News items from near and far
Edited By Lauri Apple, Fri., Aug. 23, 2002
The trial of Michael Scott, a defendant in the 1991 yogurt shop murders, began last week amid accusations that interrogators coerced his confession.
Developer Gary Bradley appeared in U.S. Bankruptcy Court Aug. 16 to respond to creditors hoping to get what they can from his remaining assets.
The state's unemployment rate reached 6% in July, higher than the national average for the first time in a while. The Austin metro area's rate stands at 5.9%, with government employment (at all levels) about the only sector that's seen improvement since last year.
The Federal Emergency Management Agency denied Austin's application for almost $800,000 in fed funds to repair recent flood damage to city buildings.
Austin Fire Chief Gary Warren hopes the City Council will pass an ordinance requiring sprinkler systems in existing residential high-rises that don't already have them. No word on how council will vote on that item.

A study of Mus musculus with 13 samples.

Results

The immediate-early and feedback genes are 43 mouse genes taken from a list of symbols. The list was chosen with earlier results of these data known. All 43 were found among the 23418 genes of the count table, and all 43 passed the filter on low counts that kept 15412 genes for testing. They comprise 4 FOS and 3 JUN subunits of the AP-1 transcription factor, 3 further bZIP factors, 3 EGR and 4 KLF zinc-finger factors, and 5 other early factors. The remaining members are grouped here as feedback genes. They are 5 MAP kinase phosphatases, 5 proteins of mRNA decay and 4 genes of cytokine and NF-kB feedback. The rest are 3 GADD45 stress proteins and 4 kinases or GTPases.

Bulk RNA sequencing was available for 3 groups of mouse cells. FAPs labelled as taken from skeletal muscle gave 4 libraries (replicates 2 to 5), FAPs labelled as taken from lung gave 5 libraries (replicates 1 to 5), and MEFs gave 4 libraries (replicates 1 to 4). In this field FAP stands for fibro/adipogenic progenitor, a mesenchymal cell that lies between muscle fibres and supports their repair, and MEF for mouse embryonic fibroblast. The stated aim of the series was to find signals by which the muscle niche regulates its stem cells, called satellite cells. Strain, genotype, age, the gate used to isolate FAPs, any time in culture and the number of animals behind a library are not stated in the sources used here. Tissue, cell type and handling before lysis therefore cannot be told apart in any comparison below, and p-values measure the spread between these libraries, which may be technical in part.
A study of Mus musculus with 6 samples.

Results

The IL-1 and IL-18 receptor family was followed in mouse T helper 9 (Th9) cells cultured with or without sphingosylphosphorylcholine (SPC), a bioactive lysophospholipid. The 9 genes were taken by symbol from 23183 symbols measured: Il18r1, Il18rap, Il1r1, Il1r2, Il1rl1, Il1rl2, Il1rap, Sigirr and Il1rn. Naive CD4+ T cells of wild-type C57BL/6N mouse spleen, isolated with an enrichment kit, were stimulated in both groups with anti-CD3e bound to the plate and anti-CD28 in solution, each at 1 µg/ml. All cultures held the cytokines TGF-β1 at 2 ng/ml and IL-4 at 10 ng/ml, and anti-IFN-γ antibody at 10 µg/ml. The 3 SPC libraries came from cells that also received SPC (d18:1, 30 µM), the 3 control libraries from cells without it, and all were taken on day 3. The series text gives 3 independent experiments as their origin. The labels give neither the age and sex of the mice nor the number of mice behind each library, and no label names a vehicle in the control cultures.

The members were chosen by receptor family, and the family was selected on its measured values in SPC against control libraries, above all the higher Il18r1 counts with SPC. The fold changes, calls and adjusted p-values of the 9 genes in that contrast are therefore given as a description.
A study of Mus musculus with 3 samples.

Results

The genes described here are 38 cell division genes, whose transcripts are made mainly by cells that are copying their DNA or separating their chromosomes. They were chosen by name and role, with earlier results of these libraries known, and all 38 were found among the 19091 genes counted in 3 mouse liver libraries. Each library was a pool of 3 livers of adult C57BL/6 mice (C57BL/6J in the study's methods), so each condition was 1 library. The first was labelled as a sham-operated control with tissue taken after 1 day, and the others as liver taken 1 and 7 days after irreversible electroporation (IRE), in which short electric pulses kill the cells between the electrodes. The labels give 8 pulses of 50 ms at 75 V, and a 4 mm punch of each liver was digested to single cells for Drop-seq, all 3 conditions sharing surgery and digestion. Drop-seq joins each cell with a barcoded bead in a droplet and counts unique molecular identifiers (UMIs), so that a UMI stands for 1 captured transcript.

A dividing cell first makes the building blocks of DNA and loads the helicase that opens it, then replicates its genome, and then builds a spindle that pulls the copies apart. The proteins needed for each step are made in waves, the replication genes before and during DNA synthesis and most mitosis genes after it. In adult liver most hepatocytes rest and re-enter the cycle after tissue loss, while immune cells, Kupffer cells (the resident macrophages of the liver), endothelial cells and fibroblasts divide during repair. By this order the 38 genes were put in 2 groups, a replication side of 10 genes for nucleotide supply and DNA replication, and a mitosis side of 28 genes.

On Tuesday, the city broke ground on the Austin Resource Center for the Homeless. When completed next year, the shelter will include a day resource facility and health clinic, plus a 100-bed shelter and dining room.
John Nill, the architect credited with designing the Palmer Auditorium, St. Martin's Lutheran Church, the Town Lake gazebo, and other local landmarks, died last week. He was 73.
Robert Dedman, millionaire banker and UT booster, died Monday in Dallas at age 76. As the former owner of the Barton Creek Country Club, Dedman was a key player in the Barton Creek PUD saga that launched the Save Our Springs movement.
As required by state law, the State Board of Public Accountancy revoked Arthur Andersen's license to operate in Texas. Andersen's felony conviction for shredding Enron documents gave the reluctant board no choice.